When I was a grade schooler, I enjoyed watching those romantic comedies about college athletes, usually footballers who were dying to get that coed cutie and move on to the house with the white picket fence.
The college landscape was made up of zany students from small hick towns. These students would be die-hard fans and cheer the state university onto victory. Stock characters always included dim-witted linemen and bright-eyed cheerleaders who pulled for or worked against the hero. Of course the hero would win the "big game" and get the girl with the neon smile. (Take a peek at "Knute Rockne, All American" to get a feel of what I'm talking about.)
For a while I thought I would get to have a similar experience by going to college, but the passage of time changed the potential for college athletes dramatically (the growth of pro sports, for one thing, had given us new post-college dreams). I bring up this issue because the college landscape today is dramatically different from my college years. Even more so than the difference between the 1930s depicted in those movies and the 1960s, when I went to school.
The amateur athlete has gone the way of 50 cents-a-gallon gasoline and been replaced with one-and-done stars who are on their way to making many millions in the professional ranks. College "money" sports, i.e., basketball and football, are no more than unpaid minor leagues for the NFL and NBA. Major League Baseball and National Hockey League teams can draft and sign young players right out of high school, leaving the non-revenue sports like track and field, swimming, and gymnastics as the only college sports that are played by true amateurs.
When I left high school, I could not play professionally in the NBA. It had a rule that prohibited me from playing until after the year that I would have graduated from college. For me to have played pro ball I would have had to play overseas or for the Harlem Globetrotters (which I never seriously considered, because college was my goal). I chose to go to UCLA, which had just won back-to-back NCAA championships. The rules of the NCAA stated that freshmen were ineligible to play varsity. My freshman team was very good, so good that we beat the varsity team in the season-opening freshman-varsity game. So to begin the 1965-66 season, the Bruins varsity was No. 1 in the country but No. 2 on campus. Coach John Wooden had an embarrassment of riches.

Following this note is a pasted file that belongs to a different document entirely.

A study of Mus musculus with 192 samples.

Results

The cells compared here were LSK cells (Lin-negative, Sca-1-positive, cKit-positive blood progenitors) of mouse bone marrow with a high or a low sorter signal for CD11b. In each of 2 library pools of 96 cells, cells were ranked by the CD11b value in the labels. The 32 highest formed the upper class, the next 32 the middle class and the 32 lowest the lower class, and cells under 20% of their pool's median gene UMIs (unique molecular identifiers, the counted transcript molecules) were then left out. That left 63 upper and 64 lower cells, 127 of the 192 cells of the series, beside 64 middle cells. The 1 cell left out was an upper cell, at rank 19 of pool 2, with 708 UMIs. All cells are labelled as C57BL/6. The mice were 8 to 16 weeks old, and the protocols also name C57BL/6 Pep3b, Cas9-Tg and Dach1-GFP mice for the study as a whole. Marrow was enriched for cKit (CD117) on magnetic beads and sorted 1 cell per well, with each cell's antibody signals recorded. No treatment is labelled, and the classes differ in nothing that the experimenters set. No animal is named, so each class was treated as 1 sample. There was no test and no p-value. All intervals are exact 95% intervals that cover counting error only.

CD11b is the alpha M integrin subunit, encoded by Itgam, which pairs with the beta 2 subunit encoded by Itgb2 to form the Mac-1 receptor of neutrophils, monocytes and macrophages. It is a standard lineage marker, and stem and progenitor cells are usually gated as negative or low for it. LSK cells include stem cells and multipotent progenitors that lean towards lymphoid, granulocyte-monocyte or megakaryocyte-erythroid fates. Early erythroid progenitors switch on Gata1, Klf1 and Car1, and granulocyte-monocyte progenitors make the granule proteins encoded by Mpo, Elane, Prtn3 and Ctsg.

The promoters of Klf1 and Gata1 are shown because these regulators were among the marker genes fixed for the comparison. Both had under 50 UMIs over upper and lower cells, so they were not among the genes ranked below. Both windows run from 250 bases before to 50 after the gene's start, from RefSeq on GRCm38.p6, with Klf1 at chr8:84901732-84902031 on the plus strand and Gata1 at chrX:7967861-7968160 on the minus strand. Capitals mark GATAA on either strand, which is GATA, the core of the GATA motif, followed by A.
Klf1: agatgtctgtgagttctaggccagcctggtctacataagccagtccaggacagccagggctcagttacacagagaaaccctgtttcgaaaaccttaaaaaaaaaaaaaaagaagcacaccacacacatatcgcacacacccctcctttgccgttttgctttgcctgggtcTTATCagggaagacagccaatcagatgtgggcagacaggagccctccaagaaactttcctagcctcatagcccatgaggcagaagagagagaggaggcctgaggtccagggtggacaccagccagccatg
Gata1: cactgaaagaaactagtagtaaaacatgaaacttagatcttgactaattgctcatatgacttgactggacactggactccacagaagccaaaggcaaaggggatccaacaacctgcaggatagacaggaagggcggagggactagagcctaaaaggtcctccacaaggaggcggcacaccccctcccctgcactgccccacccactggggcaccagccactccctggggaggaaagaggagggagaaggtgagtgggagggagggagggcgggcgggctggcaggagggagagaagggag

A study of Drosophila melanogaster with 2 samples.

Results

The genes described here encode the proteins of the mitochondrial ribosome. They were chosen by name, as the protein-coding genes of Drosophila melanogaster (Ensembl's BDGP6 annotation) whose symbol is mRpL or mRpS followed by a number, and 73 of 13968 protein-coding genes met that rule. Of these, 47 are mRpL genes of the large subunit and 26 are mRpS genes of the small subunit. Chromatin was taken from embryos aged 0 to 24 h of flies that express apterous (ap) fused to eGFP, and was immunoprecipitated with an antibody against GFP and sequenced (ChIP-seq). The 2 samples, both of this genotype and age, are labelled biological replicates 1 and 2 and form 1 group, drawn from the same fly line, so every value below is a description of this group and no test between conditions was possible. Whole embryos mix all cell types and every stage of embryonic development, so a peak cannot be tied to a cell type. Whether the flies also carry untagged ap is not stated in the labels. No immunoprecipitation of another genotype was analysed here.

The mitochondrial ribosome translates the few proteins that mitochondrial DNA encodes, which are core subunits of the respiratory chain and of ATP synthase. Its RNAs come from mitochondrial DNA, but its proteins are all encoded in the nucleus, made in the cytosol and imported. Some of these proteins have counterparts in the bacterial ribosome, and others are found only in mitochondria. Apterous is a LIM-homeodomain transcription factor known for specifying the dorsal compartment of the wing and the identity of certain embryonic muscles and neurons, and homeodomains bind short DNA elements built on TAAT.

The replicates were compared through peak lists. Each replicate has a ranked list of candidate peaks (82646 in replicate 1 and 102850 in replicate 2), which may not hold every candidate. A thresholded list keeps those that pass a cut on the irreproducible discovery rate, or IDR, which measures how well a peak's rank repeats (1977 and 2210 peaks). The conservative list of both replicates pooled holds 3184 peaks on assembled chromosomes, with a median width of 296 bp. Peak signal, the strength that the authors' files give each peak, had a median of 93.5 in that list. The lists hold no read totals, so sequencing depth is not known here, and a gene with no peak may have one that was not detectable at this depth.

When I finally got to play varsity, the Bruins went on to one of the greatest demonstrations of dominance college sports has ever seen. My team won the NCAA tourney for three consecutive years, and after I left they continued to dominate the game, winning four more consecutive titles and finally totaling 10 championships in 12 years. It's impossible to imagine this ever happening again.
UCLA's latest star recruit, Shabazz Muhammad, likely will be on campus for one season only in preparation for a career in the NBA. It is not possible given today's structure to keep the most talented players in school for four years. The starting five (three freshmen and two sophomores) from this year's NCAA champion, the University of Kentucky, declared for the NBA draft this week.
I can't say that I would chose differently today. In that hypothetical vein, if I and my teammates from 1965 had been freshmen this year, the 2012 trophy would be headed home to Westwood. It's also likely, in that dream scenario, that Anthony Davis would not be the presumptive No. 1 pick in the upcoming draft.
Muhammad has stated that he is looking forward to the challenge of resurrecting the UCLA program, which has had a run of disappointing seasons. He will be joined by talented recruits Kyle Anderson and Jordan Adams. Unfortunately for Bruins fans, that trio is unlikely to share multiple seasons, or titles, like I did with Michael Warren and Lucius Allen.
Instead of a four-year commitment that keeps young stars at a university, basketball programs now provide star athletes with a stage on which to display their talents to pro scouts for a few months. From there they move on to the pro ranks where the big bucks may be waiting. It is a very different scenario from the days of yore, but for the athletes it makes for a lot less exploitation by the schools.
The idea that many of these athletes are attending college to get a degree is no longer part of the picture. Somehow it is refreshing to see the system for what it is. But it's a long way from "Win one for the Gipper."